Gardening Reference » Gardening in 2006
My cilantro that bolted, now has passed onto a better a place. [Big Grin] I was harvesting the seeds from the plant and was wondering what is a good seed? I have many different colors, green, reddish, and brown. Do the seeds need to be dried, cooled, frozen, before they will germinate? What is proper storage of seeds?

Thanks,
Sarah

quote:
Originally posted by LandOfOz:
What is proper storage of seeds?
This question I can answer as it is the same for most seed. I'm not specifically familiar with cilantro though except for back in my produce manager days. Seed needs to be kept cool and dry. I keep mine in air-tight canisters with a bunch of those silica gel packets to absorb moisture. You could also substitute uncooked rice for those.

by Sorellina on June 27, 2006 02:53 PM
Ciao Sarah,

Leave your plant alone if you can..just let those seeds get way dry on the plant. Then cut the plant down to a few inches above the soil line and put the part you cut off in a spot out of direct sunlight to dry completely. Store your seeds in paper coin envelopes or washed out pill bottles in a dry, dark, cool spot.

I put my herbs under a plum tree in a spot that I don't really till so they can perennialize. I let them go to seed and I let the seeds scatter where they may. Some people like a bit more order and control than that, but it works for me. If the weather is hot and stupid and I have premature bolting issues, I go ahead and just scatter about a teaspoonful of seed for an extended harvest. When I sow seeds directly, I pretty much never follow the seed packet instructions. I crowd stuff, especially smallish stuff like herbs and peas and lettuces. Duane laughs at me when he sees me starting my basil indoors in March. I put about a 1/4 teaspoonful of seed into each cell in a 32 cell flat. And then I complain that I don't think I planted enough when I see how puny the transplants are. It's genetic, Italians always plant too much, cook too much, eat too much.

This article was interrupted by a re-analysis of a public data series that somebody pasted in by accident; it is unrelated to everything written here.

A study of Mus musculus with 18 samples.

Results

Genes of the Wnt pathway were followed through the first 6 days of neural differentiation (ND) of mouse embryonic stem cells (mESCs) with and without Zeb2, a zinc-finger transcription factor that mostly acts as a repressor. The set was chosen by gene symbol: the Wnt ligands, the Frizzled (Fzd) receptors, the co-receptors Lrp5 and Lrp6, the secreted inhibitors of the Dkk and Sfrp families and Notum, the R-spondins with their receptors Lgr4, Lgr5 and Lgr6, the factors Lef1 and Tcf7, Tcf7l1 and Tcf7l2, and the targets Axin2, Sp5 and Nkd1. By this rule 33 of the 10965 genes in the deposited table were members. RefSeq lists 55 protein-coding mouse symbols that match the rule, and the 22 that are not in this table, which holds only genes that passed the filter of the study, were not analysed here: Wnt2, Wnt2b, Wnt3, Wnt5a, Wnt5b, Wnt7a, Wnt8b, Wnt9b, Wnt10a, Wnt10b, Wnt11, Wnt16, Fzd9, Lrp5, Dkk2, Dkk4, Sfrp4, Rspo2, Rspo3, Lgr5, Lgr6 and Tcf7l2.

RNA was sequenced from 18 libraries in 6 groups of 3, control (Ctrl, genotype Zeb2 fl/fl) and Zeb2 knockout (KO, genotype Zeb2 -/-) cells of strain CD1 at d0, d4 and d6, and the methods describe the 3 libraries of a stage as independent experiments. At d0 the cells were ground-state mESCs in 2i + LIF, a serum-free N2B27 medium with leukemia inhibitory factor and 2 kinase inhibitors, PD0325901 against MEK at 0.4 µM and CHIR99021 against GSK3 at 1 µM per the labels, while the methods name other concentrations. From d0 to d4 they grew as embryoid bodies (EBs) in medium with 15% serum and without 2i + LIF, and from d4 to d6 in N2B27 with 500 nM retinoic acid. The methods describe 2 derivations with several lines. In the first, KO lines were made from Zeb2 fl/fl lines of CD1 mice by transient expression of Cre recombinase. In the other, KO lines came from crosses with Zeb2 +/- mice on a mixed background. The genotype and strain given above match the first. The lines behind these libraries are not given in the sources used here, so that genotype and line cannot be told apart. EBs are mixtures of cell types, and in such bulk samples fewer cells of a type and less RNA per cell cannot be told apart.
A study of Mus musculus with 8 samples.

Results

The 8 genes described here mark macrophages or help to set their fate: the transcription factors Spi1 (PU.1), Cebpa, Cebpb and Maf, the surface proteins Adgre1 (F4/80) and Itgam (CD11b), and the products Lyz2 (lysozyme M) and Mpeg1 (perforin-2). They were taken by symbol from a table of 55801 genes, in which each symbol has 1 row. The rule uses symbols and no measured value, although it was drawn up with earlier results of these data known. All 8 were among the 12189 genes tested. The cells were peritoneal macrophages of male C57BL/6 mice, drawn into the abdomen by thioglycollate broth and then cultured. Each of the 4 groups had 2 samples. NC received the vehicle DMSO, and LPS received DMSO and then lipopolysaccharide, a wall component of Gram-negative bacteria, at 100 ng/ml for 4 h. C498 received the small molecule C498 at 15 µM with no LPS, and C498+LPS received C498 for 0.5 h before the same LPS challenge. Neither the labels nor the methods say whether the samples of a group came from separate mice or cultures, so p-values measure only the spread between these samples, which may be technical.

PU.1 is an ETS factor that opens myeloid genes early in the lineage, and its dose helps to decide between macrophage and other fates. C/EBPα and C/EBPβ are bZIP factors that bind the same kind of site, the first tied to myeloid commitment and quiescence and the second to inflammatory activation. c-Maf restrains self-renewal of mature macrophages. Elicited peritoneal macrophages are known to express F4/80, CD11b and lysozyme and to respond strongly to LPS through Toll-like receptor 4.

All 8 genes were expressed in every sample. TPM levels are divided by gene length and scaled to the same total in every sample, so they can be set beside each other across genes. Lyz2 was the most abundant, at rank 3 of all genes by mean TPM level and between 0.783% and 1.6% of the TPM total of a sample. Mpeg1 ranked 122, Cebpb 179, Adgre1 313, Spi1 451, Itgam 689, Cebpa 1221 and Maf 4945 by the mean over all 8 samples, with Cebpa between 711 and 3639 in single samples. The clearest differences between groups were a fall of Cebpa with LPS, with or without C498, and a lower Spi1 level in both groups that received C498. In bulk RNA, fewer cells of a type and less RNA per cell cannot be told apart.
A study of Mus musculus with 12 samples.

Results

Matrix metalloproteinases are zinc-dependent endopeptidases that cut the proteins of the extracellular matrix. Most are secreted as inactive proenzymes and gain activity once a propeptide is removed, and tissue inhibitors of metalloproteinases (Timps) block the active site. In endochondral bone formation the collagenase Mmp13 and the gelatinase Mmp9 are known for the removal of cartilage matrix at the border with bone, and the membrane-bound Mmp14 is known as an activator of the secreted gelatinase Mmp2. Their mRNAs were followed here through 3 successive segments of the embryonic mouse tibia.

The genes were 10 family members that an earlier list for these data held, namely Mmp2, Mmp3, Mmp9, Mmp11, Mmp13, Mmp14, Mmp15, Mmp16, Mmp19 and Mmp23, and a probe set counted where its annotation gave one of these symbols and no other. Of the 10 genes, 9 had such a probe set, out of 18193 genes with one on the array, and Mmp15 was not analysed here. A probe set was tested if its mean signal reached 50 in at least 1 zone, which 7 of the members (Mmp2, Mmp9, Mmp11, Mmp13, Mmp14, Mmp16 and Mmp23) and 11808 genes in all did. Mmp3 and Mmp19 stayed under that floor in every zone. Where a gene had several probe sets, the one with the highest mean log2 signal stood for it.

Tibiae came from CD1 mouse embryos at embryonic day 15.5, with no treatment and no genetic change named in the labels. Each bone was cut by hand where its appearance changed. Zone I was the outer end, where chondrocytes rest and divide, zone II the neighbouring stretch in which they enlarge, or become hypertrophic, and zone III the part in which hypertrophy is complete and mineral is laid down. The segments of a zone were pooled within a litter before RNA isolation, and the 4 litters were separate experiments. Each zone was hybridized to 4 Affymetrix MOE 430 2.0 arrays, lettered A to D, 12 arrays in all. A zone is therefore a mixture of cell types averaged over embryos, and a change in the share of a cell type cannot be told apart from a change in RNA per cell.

Cheers,
Julianna

Sorellina, ummmm.... Let's "pretend" that I already pulled the plant, yanked the seeds off and tossed the dead foliage... [Embarrassed] kinda feeling stupid here... [Roll Eyes] what the heck do I do now?? I actually have no idea where I'm going to plant the stuff next...maybe in a pot so it doesn't bolt 2 weeks after being put outside. I'm a terrible gardener--I like to call it green-thumb challenged--and try not to overplant because then there is just more for me to watch die. [Big Grin] But now I have this website and I'll just have to remember not to do...well, anything, without consulting the 'experts'!

Sarah

Can I sneak on to this thread with a related question? At what point does the cilantro become coriander and do you dry that as you would for seed to plant.
I have not had much luck with cilantro in my garden, but have been able to grow it like mad in a boxes on my deck. I am hoping to have fresh cilantro growing when my kung pao peppers come on. Right now I am still using some frozen chiles from last year, Wow does that salsa have a KICK!!!